Trade trip to Cuba in limbo
By STEVE HUETTEL, Times Staff Writer
TAMPA -- A delegation from the Tampa Port Authority tentatively planned to travel to Cuba in June to meet with the island nation's government-owned buyer of food and agricultural products.
Now the trip is in limbo. The federal agency that licenses companies and groups to visit Cuba for trade talks is reviewing whether to let officials from Tampa and a number of other ports make future trips.
Port director George Williamson was surprised to hear about the review by the Treasury Department's Office of Foreign Assets Control because other port authorities have received licenses and traveled to Cuba to promote products moving across their docks.
"Jacksonville, Texas ports -- everybody's been down there," he said. "Now we're saying, 'Wait a minute.' "
Tampa's port applied for a different kind of license than port authorities traveled under in the past, said Treasury spokesman Taylor Griffin. "The Office of Foreign Asset Control and State Department are reviewing the request," he said.
Congress voted in 2000 to ease the trade embargo and let U.S. companies sell certain food, agricultural and medical products to Cuba on a cash-only basis.
Port authority officials skipped a major food and agriculture expo in Havana last fall and had dismissed the possibility of significant trade with Cuba. After learning that local companies with contracts from Cuba were shipping products through other Florida ports, the port authority board changed course.
Cuba's import purchasing arm, Alimport, invited board members in February to Havana to get acquainted and talk about trade opportunities.
The port applied in March for a six-month travel license to attend a "tentatively scheduled" meeting with Alimport in June to determine demand for cargo from Tampa.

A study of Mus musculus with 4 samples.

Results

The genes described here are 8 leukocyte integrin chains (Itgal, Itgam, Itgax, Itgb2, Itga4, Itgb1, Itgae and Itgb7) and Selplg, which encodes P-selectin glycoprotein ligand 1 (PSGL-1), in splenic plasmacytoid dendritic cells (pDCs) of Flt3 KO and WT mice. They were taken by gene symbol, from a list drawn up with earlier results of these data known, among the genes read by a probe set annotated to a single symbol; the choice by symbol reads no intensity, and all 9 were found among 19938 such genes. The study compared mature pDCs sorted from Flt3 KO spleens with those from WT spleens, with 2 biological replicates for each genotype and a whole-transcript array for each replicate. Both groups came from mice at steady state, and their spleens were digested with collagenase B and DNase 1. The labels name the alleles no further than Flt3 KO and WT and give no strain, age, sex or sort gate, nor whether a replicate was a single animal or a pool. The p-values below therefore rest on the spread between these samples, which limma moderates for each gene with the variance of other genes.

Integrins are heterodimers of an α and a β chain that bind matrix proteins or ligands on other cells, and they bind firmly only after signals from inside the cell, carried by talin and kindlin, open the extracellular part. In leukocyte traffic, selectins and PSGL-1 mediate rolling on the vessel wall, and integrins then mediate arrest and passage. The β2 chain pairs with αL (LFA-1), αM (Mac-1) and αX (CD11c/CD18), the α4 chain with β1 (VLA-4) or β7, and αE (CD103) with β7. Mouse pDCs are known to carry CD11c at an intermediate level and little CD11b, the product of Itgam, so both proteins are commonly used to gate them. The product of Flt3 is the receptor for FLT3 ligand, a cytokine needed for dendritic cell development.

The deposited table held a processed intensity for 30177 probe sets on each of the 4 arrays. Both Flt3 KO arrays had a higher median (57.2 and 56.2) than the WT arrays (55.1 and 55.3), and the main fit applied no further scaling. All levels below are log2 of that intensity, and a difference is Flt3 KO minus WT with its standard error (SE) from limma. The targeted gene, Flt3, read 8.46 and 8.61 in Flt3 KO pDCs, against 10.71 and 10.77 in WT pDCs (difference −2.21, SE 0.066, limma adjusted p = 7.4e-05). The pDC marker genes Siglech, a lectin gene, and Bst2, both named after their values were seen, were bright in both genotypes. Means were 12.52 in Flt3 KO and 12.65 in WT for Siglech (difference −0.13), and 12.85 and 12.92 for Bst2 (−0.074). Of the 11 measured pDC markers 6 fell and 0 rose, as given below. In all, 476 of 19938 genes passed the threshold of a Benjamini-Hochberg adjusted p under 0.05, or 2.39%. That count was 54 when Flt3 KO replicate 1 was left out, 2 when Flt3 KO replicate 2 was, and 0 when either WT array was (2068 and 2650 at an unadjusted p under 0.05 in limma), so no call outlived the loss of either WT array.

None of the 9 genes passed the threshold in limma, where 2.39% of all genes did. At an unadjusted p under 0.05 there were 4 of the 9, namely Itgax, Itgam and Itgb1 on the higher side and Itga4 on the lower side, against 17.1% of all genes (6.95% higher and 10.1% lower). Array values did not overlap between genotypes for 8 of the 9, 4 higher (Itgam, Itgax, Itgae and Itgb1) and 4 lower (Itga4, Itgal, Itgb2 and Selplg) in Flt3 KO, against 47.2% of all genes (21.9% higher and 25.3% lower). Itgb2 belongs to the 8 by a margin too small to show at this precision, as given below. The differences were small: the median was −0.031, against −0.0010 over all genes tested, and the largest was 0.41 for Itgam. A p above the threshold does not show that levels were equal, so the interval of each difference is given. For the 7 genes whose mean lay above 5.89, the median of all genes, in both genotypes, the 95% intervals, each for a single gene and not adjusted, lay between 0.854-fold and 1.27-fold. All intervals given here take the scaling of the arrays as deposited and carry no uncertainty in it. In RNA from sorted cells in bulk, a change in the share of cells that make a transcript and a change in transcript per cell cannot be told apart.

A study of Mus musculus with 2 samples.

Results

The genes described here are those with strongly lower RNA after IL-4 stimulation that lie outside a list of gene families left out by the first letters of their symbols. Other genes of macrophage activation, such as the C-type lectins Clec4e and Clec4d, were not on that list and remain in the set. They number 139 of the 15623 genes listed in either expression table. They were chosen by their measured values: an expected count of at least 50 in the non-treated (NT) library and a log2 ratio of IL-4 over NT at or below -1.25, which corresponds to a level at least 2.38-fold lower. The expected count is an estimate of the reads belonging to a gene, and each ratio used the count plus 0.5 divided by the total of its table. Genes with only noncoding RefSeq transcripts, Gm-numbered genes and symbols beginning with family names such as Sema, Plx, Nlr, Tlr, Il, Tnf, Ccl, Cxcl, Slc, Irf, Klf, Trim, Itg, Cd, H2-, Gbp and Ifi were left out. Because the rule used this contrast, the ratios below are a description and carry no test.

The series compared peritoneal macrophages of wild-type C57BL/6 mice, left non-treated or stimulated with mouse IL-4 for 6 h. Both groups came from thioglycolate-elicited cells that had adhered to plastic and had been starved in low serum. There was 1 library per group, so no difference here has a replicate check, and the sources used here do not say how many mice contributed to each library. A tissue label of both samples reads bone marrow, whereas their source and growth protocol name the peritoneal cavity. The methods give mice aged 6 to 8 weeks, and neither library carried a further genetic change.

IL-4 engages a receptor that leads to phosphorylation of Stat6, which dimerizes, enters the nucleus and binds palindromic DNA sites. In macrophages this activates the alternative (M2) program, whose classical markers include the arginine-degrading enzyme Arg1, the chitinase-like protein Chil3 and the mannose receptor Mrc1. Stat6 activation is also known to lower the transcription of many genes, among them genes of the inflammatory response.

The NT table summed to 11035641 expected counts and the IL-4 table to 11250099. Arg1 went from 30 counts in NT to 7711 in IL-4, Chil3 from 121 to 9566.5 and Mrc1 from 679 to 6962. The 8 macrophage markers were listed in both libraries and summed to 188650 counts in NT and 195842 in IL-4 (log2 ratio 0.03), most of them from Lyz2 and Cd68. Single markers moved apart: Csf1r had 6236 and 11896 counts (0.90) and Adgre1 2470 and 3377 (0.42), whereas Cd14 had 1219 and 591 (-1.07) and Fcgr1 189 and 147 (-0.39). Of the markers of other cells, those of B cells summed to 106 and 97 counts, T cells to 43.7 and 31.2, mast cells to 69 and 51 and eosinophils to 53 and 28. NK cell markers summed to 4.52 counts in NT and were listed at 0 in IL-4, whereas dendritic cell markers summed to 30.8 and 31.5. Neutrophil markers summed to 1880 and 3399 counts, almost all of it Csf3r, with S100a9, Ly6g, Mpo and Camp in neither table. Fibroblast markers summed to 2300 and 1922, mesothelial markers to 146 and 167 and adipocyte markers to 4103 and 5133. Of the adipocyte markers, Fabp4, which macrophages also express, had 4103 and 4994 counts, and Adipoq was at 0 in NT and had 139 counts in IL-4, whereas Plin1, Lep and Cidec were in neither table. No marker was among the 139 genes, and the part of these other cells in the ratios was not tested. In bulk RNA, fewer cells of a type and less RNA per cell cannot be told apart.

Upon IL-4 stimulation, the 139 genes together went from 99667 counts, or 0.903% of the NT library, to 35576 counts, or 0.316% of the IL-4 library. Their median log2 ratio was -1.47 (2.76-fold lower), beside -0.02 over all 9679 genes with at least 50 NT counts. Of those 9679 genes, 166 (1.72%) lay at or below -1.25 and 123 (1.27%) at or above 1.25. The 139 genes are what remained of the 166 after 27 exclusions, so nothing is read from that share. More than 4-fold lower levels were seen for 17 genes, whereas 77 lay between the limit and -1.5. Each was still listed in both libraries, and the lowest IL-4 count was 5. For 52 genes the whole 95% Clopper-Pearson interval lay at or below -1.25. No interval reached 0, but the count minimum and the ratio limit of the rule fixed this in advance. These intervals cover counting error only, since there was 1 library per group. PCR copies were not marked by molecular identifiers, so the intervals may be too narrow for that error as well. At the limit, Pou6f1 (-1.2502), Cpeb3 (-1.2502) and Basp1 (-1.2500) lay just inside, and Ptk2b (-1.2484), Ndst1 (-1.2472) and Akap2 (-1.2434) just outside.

The delegation would include Williamson, authority chairman Joseph Diaz, Hillsborough County commissioner Pat Frank, port counsel Dale Bohner and two guests: Louis Ricard of Cargill Inc. and Joe Guidry, the Tampa Tribune's deputy editorial page editor.
Bohner said Wednesday that the trip wasn't nailed down. Port officials had expected to get the license in May, then call Alimport to work out details, he said. "We're still hopeful that we'll be granted the license," he said.
In another sign of its new attitude, the port authority sponsored a seminar Wednesday on the opportunities and legalities of trading with Cuba.
Experts from academia, business and government told about 130 people at the Wyndham Harbour Island Hotel that Cuba holds tremendous trade potential for Tampa and Florida.
But because Cuba has so little hard currency and the U.S. government doesn't allow sales on credit, they said, it's unlikely export sales will exceed the current $200-million a year in the near future.
Cuba's recent crackdown on dissidents and the approaching 2004 presidential elections make it unlikely the Bush administration will loosen trade restrictions, said Van Yeutter of Cargill, which sells food and agricultural products to Cuba.
"It's not the bonanza people think it is at this time," said Diaz, the port authority chairman.